As a member of Operation: Support a Cancer Cutie, I have an album full of cuties waiting for their baskets of hope and support.
I am happy to introduce you today to another face behind childhood cancer:
Her father, David Cutbirth, first noticed a a large bump on her cheek on Father’s Day 2012. David was very concerned and took her to the emergency room immediately. He was told it was a subcutaneous infection from an insect bite and to put her on very strong antibiotics.
A week passed and the bump had grown larger. David and his wife Jenni were both uninsured. David had been laid off of his previous job and was out of work for over a year. He had finally started a new job at the beginning of June. However, because he was in the first month of training, he was not eligible for health insurance yet.
Jenni was working, but she could not afford the insurance offered at her job. Therefore, they had to wait a week to be able to afford an MRI with assistance of family.
The MRI results confirmed that the bump was a tumor. The whirlwind began and never stopped from that moment.
The doctor sent them to Texas Children’s Hospital to have a biopsy on the tumor. The biopsy came back that the tumor was cancerous.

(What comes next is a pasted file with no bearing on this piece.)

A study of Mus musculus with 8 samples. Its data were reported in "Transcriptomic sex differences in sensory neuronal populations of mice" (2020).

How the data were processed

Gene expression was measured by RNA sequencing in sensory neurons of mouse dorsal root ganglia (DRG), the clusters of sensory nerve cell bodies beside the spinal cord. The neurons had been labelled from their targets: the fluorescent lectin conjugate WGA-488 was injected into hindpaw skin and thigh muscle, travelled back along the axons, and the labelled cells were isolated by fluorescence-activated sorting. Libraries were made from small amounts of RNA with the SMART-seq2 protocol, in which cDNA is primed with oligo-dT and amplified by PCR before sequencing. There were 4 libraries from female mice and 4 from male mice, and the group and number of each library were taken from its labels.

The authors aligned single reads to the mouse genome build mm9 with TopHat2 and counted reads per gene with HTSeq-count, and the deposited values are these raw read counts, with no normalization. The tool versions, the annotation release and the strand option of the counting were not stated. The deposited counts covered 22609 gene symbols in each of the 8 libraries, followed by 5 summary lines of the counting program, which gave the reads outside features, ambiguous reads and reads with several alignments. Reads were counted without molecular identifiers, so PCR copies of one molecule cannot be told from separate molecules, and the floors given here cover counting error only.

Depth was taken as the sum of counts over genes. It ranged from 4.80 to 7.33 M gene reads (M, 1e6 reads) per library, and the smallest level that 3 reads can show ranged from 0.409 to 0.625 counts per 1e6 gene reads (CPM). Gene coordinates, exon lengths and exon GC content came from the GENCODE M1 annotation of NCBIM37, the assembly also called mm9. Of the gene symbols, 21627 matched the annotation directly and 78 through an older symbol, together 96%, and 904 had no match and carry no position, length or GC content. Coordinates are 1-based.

They were checked into the hospital and immediately started having tests ran. They stayed in the hospital for 5 days. What was supposed to be one visit to the doctor turned into the worst week of their life.
Raelyn had an adverse reaction to the anesthetic they used on her while doing a bone marrow test. The sedative made her lose her ability to breathe. The whole floor was on Code Red as the oncology team tried to resuscitate her. She was put on breathing tubes and monitored closely for two days before being allowed to go home. This was actually so rare that the incident in itself became a case study.
She was home for two days before she returned last week for her first treatment of chemotherapy. She recently had subsequent chemo treatments.
They are starting on radiation soon as well. The tumor is about 4×4′. It is eroding the bone on her face, and very close to the brain. This makes it Type 3 cancer, intermediate risk. It should be about 11 months of treatment before they think she’ll be in remission.
Chapters have been making children happier and healthier by keeping families together – giving them a place to rest and refresh. A place that feels like home. These programs, tailored to meet the urgent needs of each community, can now be found in 58 countries and regions across the globe.